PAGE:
In what is a major change in how cricket, the traditional gentleman’s game, is played, on field umpires will have the authority, like their football counterparts, to send off players who have committed serious breaches of behaviour. This will be part of the new laws of cricket that will come into effect from October 1 this year, confirmed Marylebone Cricket Club (MCC).
The new laws are based on the recommendations of the MCC Cricket Committee which had a meeting in Mumbai last December.
- Level 1: Offences include excessive appealing and showing dissent at an umpire’s decision. Following an official warning, a second Level 1 offence will result in five penalty runs being awarded to the opposing team.
- Level 2: Offences (including throwing the ball at a player or making deliberate physical contact with an opponent during play), will result in the immediate awarding of five penalty runs to the opposing team.
- Level 3: Offences (including intimidating an umpire or threatening to assault another player, team official or spectator) will result in five penalty runs and a removal of the offending player from the field for a set number of overs, depending on the format of the match.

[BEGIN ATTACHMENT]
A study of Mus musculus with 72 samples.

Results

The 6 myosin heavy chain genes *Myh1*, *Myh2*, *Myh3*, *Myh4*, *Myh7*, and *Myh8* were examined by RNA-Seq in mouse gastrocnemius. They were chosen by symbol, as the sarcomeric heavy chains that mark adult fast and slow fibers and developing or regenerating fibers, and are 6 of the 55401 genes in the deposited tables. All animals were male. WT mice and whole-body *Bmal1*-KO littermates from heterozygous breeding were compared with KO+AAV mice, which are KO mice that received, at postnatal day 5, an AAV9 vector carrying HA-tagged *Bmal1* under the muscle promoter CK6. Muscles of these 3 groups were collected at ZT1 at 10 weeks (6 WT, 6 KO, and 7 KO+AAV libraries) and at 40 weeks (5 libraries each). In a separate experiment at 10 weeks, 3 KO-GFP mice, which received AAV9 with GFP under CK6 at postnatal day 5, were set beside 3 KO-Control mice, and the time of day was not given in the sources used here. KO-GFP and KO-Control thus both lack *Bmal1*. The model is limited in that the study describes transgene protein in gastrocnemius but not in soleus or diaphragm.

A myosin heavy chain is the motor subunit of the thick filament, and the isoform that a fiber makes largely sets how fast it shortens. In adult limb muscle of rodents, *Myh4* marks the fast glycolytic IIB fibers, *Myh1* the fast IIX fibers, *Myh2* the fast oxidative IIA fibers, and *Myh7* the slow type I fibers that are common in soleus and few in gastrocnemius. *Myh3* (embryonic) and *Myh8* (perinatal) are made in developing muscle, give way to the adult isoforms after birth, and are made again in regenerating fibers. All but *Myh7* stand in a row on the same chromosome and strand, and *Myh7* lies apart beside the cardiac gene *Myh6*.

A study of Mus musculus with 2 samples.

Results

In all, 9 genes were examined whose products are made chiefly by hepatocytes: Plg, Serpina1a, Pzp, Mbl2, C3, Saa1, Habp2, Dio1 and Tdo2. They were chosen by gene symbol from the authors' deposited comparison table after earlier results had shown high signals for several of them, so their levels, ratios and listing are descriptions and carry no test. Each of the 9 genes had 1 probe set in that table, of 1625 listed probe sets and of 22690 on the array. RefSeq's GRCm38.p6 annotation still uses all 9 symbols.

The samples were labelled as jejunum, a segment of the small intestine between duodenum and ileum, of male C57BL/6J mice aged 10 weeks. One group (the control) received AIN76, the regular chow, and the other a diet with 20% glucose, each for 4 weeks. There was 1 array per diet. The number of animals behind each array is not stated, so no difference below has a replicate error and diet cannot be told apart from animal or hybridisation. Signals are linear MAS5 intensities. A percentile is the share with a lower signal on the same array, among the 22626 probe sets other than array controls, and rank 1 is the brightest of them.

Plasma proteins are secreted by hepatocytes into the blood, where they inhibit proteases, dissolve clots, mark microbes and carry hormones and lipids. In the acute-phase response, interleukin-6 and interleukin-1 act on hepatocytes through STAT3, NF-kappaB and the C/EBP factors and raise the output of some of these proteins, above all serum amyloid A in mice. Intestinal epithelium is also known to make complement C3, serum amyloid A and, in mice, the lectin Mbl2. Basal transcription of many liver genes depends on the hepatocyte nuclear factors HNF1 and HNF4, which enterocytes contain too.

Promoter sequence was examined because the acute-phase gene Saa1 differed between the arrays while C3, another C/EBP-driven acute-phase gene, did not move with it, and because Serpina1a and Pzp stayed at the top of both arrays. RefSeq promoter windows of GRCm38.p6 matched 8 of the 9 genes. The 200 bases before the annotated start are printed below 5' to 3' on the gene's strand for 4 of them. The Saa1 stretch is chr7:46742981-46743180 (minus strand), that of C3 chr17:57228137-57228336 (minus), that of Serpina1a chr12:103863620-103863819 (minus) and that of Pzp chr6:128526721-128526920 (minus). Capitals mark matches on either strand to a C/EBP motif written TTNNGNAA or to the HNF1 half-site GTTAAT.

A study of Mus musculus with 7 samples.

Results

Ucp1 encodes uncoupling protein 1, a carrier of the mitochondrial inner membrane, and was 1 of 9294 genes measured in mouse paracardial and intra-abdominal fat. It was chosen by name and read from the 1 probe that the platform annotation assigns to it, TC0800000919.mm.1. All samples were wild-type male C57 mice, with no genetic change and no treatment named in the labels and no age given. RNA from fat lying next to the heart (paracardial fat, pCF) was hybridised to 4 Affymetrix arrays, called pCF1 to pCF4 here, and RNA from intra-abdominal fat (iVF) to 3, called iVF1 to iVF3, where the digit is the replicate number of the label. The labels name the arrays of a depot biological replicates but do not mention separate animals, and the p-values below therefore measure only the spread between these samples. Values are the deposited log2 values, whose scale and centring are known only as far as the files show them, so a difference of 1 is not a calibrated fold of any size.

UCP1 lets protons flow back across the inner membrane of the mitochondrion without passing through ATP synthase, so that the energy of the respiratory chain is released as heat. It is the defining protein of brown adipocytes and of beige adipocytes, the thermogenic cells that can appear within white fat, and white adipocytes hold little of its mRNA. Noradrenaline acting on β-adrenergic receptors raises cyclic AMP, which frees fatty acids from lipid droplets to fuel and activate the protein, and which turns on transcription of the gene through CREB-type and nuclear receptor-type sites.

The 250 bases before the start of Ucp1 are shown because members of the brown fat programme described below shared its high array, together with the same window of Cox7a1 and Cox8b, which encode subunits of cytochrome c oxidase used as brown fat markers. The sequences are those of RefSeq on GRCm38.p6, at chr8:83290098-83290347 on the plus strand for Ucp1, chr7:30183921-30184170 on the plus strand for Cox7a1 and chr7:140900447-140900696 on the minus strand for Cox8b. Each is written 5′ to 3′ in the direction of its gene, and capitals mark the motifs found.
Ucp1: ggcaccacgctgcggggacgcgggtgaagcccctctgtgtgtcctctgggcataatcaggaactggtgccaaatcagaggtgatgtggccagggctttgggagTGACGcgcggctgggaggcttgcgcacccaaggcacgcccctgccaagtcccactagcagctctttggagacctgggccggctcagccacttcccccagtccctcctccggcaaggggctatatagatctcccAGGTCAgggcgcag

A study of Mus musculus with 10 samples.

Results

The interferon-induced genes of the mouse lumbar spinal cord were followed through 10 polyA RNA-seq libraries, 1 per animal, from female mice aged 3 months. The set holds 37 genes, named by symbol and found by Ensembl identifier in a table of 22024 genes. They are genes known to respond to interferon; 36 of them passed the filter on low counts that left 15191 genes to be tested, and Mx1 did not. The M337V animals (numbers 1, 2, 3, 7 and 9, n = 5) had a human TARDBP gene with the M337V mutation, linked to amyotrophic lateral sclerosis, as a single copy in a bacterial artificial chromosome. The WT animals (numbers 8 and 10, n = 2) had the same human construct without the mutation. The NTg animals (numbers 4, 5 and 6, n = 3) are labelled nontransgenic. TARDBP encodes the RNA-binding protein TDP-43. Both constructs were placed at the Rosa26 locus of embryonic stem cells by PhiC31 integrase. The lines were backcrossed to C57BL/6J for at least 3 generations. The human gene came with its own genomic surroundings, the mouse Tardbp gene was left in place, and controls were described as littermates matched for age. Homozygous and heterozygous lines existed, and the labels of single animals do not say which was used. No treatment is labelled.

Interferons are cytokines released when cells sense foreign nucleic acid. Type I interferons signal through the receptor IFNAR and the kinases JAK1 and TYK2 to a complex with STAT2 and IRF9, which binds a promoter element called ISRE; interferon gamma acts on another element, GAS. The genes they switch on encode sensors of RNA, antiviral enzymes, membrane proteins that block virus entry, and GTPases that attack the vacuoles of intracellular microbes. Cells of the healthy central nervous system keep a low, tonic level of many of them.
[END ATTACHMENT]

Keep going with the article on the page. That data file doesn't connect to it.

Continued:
- Level 4: Offences (threatening an umpire or committing any act of violence on the field of play), will result in five penalty runs and the removal of the offending player for the remainder of the match. If the player is batting at the time of the offence, he/she will be recorded as ‘retired out’.
“We felt the time had come to introduce sanctions for poor player behaviour and research told us that a growing number of umpires at grass roots level were leaving the game because of it,” John Stephenson, the MCC’s head of cricket, was quoted by PTI.
“Hopefully these sanctions will give them more confidence to handle disciplinary issues efficiently, whilst providing a deterrent to the players,” added Stephenson.
According to reports, the MCC has also prescribed restrictions on bat sizes besides a change in the run out law which is meant to protect the batsman whose bat has bounced in the air once they have crossed the crease.
“If the bat (held by the hand) or another part of the batsman’s person is grounded beyond the popping crease and this contact with the ground is subsequently lost when the wicket is put down, the batsman will be protected from being run out if he/she is running or diving and has continued forward momentum towards the stumps and beyond.”